Our Bodies Belong to God, So What?
God’s Ownership vs. Human Rights in the Muslim Organ Transplantation Debate
Organ transplantation is a morally challenging subject. It gives rise to several ethical dilemmas which question the very meaning of what it means to be a human being. For some Muslims, organ transplantation impinges on God’s claim to ownership. Research reveals that proponents of organ transplantation focus on the benefits afforded to the recipient, while opponents highlight the situation of the donor. For them the entire focus on the health benefits to the recipient turns a blind eye to the dignity of the donor who is viewed as nothing more than a repository for organs, to be extracted and then forgotten. After a brief survey of the different opinions on organ transplantation, I present a translation and commentary of an article written by the former grand-mufti of Lebanon, Muḥammad Rashīd Qabbānī which attempts to research the issue of whether organ transplantation impinges on God’s sovereignty over the human body or not.
For content published in editions of JAIS before 2002, copyright belongs to the author. Content published between 2002 and 2017 is copyrighted by Edinburgh University Press (reproduced on FRITT with permission). Text and other material published in these journal volumes can only be shared and republished with written permission from the rights holders.
Starting from 2017, the content published in JAIS is - unless otherwise is stated - licensed through Creative Commons License Attribution 4.0: https://creativecommons.org/licenses/by/4.0/. Through this licence content can be copied and distributed but also remixed, transformed and built upon for any purpose under the following conditions:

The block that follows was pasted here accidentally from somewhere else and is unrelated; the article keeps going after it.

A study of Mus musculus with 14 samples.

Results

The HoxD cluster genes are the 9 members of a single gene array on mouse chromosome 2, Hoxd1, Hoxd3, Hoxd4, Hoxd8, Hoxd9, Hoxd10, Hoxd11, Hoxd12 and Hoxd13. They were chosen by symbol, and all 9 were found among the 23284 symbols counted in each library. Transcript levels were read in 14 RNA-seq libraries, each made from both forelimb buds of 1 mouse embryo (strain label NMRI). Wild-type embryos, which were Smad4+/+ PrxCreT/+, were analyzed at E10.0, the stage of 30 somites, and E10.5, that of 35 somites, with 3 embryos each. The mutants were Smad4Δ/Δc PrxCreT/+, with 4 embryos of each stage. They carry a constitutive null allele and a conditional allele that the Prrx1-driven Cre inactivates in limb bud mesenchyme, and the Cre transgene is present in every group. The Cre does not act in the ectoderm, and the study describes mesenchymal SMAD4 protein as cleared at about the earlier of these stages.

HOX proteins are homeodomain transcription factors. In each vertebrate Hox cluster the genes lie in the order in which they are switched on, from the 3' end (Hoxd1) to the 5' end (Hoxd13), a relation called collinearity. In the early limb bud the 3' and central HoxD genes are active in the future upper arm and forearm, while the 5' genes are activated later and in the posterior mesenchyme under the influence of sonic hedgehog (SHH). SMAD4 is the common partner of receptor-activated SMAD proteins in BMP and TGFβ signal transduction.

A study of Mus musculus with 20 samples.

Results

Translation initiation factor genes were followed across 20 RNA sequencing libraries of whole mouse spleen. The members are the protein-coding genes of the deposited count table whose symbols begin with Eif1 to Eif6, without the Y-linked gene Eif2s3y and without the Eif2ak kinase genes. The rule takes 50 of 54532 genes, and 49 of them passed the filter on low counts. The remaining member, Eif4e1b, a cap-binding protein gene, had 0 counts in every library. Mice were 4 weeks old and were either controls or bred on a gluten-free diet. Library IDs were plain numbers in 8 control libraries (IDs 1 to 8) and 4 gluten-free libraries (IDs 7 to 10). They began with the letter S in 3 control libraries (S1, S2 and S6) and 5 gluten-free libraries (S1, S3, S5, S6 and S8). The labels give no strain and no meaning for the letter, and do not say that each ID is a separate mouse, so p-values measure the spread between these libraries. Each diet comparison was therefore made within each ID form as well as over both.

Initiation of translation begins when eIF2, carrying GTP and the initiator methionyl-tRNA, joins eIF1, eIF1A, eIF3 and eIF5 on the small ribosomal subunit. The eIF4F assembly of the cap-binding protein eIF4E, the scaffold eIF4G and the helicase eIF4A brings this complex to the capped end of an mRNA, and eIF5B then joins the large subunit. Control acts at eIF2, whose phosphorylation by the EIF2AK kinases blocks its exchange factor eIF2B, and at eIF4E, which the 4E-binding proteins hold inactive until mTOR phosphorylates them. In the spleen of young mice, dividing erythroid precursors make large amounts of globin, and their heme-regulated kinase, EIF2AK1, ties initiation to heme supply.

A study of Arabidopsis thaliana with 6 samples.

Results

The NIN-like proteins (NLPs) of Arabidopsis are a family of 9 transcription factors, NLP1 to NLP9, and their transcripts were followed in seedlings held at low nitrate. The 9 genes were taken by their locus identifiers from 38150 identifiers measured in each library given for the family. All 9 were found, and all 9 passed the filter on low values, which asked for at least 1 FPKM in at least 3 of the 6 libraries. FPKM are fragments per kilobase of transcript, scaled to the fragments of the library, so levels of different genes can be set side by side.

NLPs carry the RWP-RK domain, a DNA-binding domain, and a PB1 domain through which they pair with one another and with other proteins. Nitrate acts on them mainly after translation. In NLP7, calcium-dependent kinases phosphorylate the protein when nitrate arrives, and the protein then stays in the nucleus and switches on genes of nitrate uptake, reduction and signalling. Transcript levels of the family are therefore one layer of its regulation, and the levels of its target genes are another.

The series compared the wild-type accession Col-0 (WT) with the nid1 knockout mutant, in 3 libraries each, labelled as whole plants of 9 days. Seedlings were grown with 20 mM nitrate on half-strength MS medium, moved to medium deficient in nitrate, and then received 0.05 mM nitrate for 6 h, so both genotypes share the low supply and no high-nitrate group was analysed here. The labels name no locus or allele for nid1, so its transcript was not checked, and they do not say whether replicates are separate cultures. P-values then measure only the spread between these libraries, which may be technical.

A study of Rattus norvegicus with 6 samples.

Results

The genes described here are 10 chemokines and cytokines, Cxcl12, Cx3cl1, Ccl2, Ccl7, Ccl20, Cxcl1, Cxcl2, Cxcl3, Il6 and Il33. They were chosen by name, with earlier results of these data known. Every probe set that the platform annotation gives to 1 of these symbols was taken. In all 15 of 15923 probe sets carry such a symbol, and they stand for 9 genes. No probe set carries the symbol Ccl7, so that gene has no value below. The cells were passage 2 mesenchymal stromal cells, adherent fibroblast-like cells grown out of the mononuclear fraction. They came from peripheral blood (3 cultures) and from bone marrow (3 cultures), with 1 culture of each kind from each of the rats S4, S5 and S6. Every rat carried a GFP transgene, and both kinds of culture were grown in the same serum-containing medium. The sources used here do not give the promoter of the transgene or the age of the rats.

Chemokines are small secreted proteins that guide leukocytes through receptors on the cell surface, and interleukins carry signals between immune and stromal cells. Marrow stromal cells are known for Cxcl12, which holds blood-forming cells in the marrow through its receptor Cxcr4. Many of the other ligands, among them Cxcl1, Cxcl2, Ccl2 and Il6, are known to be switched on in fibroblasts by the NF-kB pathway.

Attribution — You must give appropriate credit to the creators of materials published in JAIS, provide a link to the license, and indicate if changes were made. You may do so in any reasonable manner, but not in any way that suggests the licensor endorses you or your use.
No additional restrictions — You may not apply legal terms or technological measures that legally restrict others from doing anything the license permits.
Notice: No warranties are given. The license may not give you all of the permissions necessary for your intended use. For example, other rights such as publicity, privacy, or moral rights may limit how you use the material.
Authors who publish in JAIS accept the following conditions:
Author(s) retains copyright to the article and give JAIS right to first publication while the article is licensed under the Creative Commons CC BY 4.0. This license allows sharing the article for non-commercial purposes, as long as the author and first publishing place JAIS are credited. The license does not allow others to publish adapted versions of the article without the author's permission.
The author is free to publish and distribute the work/article after publication in JAIS, as long as the journal is referred to as the first place of publication. Submissions that are under consideration for publication or accepted for publication in JAIS cannot simultaneously be under consideration for publication in other journals, anthologies, monographs or the like. By submitting contributions, the author accepts that the contribution is published in both digital and printed editions of JAIS.